Studying the games of the classical players is a great tool of learning for those who want to improve at chess. From typical plans in a certain structure to positional and tactical ideas, there is a great deal to learn from the games of the strongest players of our game. You will discover that each player has their particularities, their own style of play and you can learn different things from different players of the same level.
One of the greatest players of our times is, no doubt, Garry Kasparov, who probably needs no introduction in the chess world. He is one of those players whose games are a never-ending source of inspiration for all the generations of chess players. He is an incredibly strong player with a universal style, which means that you can learn about everything from his games, with some of them being:
Garry Kasparov was a great attacker; he knew when to attack and how to do it. A quick search in the database will reveal a great number of games where he simply crushed his opponents. There is a lot to learn about the art of attack and by watching his games you can understand how to prepare an attack, how to develop it, but also when and how to deliver the final blow.
Attack or not, Kasparov always searches for the active moves in his games and fights for the initiative. It is important to learn to search for such moves and get used to playing forward, actively, as much as possible.
It is probably clear by now that you can learn basically anything that has to do with active play from Kasparov and counter-play is another important concept. Whatever the situation on the board, you should make it as difficult as possible for your opponent; set traps, create threats.
If you look at his games, it will appear as if giving up rooks came natural to Kasparov. He preferred to have the long-term initiative in exchange, be the one who is pressing and he employed the exchange sacrifice many time in order to obtain this.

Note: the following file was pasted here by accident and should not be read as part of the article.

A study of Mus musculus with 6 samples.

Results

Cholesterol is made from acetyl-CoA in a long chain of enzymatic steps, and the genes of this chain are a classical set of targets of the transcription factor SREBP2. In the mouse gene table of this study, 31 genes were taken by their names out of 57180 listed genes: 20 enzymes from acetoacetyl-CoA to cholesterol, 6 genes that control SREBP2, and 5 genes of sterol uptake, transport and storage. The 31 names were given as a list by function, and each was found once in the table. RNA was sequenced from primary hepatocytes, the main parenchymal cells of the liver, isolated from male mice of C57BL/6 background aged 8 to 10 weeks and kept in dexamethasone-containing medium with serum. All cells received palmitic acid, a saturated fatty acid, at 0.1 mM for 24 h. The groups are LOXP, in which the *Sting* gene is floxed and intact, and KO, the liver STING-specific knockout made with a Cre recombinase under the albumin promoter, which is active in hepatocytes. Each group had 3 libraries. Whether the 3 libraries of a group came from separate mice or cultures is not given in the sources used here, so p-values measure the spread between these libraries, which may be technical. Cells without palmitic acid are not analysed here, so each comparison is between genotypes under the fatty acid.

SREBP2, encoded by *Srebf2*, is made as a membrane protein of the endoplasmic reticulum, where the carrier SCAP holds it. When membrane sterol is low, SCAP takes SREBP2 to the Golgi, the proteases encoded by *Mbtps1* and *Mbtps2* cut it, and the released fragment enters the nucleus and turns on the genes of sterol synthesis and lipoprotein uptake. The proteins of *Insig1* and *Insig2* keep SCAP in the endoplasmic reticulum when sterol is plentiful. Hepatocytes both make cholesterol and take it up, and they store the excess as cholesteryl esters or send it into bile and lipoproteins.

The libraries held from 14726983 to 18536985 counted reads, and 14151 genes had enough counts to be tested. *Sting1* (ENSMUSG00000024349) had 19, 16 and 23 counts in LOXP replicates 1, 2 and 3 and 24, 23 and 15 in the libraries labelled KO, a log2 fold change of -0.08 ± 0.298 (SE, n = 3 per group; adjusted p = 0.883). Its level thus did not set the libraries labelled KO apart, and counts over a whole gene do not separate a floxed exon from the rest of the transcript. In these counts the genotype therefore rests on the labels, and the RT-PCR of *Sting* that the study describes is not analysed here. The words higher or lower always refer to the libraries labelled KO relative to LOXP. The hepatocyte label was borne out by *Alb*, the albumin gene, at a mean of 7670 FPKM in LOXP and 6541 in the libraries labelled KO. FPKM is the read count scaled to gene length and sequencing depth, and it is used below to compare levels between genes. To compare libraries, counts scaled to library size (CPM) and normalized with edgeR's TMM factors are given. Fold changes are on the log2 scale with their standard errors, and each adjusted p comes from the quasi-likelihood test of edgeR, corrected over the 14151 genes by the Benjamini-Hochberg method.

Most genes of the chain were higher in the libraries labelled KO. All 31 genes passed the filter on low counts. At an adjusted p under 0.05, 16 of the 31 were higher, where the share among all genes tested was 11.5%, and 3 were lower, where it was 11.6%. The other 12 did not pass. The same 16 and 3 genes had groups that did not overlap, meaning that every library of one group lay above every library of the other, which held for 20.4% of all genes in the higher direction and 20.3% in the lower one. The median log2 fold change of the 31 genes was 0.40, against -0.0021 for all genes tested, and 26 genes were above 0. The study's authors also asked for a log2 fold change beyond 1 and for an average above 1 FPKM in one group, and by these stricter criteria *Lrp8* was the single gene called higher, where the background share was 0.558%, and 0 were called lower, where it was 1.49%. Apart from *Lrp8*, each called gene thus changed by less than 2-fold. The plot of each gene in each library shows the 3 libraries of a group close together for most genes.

So far we have only spoken about dynamics and attacks, but Kasparov played no less better positionally. One of his favorite strategic advantages was the bishop pair and he handled it amazingly. It is pure magic to see how easy it comes to him converting this small plus into a convincing win.
A player who is always under pressure or has to defend and keep his eyes open for tricks is more likely to make mistakes. Kasparov’s games are clear examples of how to do this in a successful manner.
If all the above has been about middlegame, we cannot forget that he was also a great opening expert. Given his love for dynamics, it is no wonder that his repertoire reflected this. One of his favorites against 1.e4 was the Sicilian Najdorf, where he has played some true masterpieces. If you’d also like to learn it and don’t know where to begin, his games are a good starting point to understand the plans, tricks and ideas present in this opening.
Another favorite of his, this time against 1.d4, was the King’s Indian and here, again, you can find many instructive games played by him. He had a great feel for the resulting positions and handled them in a great manner.
If you are not exactly the dynamic type of player, Kasparov’s games can help you develop this feature. He knew how to complicate matters and take the game on his territory.
It is very common nowadays that players only analyze their losses or simply skip this step. This is a big mistake and Kasparov saw the analysis of his own games as the most important tool for progress. Win or lose, there is no perfect game – identify your own mistakes and learn from them.